From a 2019 peak of $926 billion, credit card debt fell to $811 billion by the second quarter of 2020 — the largest six-month decline on record — before reaching $825 billion by the end of the year, according to a new CFPB report.
The CFPB on Wednesday released the report to Congress on the consumer credit card market, finding that the market’s growth over the past few years reversed course in 2020. In reviewing the market for potential consumer harm, the CFPB report presents research on consumer card use, cost and availability in the report.
During the pandemic, many cardholders received direct federal assistance, enhanced unemployment benefits and payment and interest suspension of federally held student loans, the report notes. Along with those efforts, credit card issuers also provided relief to cardholders through payment deferrals and fee waivers.
The report also notes the continued importance of issuers improving customer service and system reliability related to those relief programs and ensuring that their systems operate in full compliance with applicable law, even as the market continues to change with evolving economic conditions as well as with innovation in the card market and in competing product markets.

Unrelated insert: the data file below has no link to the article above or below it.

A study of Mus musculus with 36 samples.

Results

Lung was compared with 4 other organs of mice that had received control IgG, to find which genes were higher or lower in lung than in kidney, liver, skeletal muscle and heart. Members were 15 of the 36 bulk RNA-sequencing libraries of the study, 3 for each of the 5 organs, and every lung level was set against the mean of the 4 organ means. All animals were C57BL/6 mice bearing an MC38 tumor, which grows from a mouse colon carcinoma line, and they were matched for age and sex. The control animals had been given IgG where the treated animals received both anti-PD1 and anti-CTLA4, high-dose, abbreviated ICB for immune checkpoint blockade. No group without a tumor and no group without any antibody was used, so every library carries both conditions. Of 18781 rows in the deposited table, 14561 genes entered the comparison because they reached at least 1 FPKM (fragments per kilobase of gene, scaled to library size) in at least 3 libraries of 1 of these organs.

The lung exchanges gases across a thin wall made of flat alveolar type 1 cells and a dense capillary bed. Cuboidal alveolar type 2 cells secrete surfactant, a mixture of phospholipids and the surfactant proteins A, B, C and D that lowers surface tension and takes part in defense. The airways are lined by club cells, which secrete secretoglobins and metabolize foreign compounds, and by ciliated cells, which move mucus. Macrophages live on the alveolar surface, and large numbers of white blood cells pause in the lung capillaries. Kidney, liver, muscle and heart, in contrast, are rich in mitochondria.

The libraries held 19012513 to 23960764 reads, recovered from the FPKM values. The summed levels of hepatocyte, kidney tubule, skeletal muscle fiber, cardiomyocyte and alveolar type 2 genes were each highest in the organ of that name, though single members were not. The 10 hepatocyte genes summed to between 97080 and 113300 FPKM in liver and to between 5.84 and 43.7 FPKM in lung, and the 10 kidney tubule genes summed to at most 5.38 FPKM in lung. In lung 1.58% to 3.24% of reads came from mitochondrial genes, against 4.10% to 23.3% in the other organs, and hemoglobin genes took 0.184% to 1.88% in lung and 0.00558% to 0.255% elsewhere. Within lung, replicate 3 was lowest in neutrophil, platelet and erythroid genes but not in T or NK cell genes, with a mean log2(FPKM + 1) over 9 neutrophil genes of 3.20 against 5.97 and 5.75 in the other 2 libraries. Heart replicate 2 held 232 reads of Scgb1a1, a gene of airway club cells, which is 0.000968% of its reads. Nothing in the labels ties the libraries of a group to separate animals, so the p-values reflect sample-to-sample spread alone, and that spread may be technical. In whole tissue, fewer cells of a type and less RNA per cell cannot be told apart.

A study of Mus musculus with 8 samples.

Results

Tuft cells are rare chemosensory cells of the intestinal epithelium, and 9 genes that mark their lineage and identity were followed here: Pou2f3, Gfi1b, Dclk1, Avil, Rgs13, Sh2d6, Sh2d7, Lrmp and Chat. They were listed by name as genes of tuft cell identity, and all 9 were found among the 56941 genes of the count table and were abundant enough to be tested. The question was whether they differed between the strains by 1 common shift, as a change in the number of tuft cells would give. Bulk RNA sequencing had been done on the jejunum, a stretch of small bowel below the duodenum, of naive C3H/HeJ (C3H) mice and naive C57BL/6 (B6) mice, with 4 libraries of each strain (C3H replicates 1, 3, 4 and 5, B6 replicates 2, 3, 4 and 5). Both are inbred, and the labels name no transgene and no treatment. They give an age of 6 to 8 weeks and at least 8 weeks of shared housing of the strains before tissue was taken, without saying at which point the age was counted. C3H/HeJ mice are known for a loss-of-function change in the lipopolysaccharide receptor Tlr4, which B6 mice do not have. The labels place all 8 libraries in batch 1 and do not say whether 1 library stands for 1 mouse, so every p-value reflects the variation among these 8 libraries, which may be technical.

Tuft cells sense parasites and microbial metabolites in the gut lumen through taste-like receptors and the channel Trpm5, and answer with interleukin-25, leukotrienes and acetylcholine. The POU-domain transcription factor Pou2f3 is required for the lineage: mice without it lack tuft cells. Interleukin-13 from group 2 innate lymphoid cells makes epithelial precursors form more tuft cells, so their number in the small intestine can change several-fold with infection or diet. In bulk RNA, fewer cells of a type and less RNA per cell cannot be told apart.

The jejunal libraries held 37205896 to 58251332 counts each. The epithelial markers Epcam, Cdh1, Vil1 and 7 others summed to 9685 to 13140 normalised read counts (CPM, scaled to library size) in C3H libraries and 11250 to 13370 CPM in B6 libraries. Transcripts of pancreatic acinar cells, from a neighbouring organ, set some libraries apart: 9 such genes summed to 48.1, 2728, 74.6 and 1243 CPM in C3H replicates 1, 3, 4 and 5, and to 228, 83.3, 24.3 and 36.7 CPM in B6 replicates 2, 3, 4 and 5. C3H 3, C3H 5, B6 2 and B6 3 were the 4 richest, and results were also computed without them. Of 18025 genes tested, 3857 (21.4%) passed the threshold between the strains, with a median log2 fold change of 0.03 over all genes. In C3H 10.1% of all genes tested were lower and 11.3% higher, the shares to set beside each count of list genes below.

“While public and private programs helped consumers bring down their credit card debt during the pandemic, we at the CFPB will be watching to make sure families and individuals still struggling get the assistance they need,” said Dave Uejio, acting CFPB director. “Across the credit card market, consumers sought and used less credit, paid down debt, and dropped late payment rates to historic lows. As pandemic relief efforts end, the CFPB will be using all our tools to support an equitable recovery.”